Poverty, marginalization pushing African youth to violent extremism - UN
Deprivation and marginalization, underpinned by weak governance, are primary forces driving young Africans into violent extremism, according to a comprehensive new study by the United Nations Development Programme (UNDP), the first study of its kind.
Based on interviews with 495 voluntary recruits to extremist organizations such as Al-Shabaab and Boko Haram, the new study also found that it is often perceived state violence or abuse of power that provides the final tipping point for the decision to join an extremist group.
“Journey to Extremism in Africa: Drivers, Incentives and the Tipping Point for Recruitment” presents the results of a two-year UNDP Africa study on recruitment in the most prominent extremist groups in Africa.
The study reveals a picture of a frustrated individual, marginalized and neglected over the course of his life, starting in childhood.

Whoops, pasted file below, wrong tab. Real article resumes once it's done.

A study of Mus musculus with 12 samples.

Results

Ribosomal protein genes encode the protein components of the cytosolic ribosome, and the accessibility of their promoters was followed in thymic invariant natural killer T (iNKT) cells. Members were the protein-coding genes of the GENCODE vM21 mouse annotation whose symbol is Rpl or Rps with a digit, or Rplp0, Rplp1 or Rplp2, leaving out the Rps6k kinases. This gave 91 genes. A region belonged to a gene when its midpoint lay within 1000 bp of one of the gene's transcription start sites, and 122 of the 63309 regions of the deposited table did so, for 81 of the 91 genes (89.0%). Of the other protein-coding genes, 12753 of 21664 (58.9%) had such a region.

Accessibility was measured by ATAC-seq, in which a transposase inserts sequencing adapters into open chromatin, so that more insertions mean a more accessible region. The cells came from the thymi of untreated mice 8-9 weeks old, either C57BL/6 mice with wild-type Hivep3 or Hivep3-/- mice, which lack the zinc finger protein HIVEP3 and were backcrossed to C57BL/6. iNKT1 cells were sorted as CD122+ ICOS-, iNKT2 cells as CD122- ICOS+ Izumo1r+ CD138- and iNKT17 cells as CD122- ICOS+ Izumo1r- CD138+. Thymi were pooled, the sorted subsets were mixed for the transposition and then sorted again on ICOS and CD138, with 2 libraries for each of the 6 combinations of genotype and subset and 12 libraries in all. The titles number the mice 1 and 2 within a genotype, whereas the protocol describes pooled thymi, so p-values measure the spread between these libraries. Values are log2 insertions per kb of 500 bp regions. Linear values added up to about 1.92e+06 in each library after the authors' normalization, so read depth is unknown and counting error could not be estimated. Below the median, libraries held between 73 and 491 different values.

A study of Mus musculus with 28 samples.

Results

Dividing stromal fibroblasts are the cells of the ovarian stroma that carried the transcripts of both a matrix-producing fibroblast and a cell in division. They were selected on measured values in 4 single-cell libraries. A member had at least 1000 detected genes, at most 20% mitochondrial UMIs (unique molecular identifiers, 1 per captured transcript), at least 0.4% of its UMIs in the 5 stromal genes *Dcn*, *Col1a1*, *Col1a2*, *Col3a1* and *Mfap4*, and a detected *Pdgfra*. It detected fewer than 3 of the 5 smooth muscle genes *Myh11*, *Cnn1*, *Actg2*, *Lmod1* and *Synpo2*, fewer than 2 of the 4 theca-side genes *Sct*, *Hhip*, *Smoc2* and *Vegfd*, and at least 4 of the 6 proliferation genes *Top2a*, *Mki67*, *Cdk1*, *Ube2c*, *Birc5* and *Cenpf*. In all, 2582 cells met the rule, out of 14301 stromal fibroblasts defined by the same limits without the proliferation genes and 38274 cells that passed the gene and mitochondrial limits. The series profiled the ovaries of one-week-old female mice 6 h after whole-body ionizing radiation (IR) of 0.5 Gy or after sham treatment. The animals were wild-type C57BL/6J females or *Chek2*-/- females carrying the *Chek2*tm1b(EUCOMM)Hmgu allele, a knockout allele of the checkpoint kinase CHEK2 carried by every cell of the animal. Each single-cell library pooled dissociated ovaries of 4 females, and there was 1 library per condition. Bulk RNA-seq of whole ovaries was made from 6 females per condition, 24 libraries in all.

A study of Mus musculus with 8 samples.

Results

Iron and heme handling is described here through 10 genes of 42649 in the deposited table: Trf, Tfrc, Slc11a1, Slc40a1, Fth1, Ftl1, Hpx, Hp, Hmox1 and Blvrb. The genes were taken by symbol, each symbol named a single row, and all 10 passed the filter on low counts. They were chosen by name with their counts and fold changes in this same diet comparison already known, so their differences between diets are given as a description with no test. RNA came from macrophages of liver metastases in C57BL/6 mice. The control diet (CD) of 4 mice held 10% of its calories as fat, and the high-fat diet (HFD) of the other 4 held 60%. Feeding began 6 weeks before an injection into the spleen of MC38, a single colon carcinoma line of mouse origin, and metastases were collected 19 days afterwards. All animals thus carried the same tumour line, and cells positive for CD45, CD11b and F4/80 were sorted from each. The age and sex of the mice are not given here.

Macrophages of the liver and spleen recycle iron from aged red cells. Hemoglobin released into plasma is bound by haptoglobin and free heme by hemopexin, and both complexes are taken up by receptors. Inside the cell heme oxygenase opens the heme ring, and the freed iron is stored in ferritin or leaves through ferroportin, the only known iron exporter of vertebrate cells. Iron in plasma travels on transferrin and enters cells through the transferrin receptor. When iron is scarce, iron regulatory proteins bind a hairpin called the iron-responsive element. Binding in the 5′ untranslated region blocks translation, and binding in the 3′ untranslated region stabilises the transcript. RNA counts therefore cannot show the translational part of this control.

With few economic prospects or outlets for meaningful civic participation that can bring about change, and little trust in the state to either provide services or respect human rights, the study suggests, such an individual could, upon witnessing or experiencing perceived abuse of power by the state, be tipped over the edge into extremism.
“This study sounds the alarm that as a region, Africa’s vulnerability to violent extremism is deepening,” said UNDP Africa Director Abdoulaye Mar Dieye at the launch Thursday at the United Nations headquarters.
“Borderlands and peripheral areas remain isolated and under-served. Institutional capacity in critical areas is struggling to keep pace with demand. More than half the population lives below the poverty line, including many chronically underemployed youth,” he added in a statement issued in Nairobi.
The study distils the conditions and factors that shape the dynamics of the recruitment process, prompting some individuals to gravitate toward extremism, where the vast majority of others do not.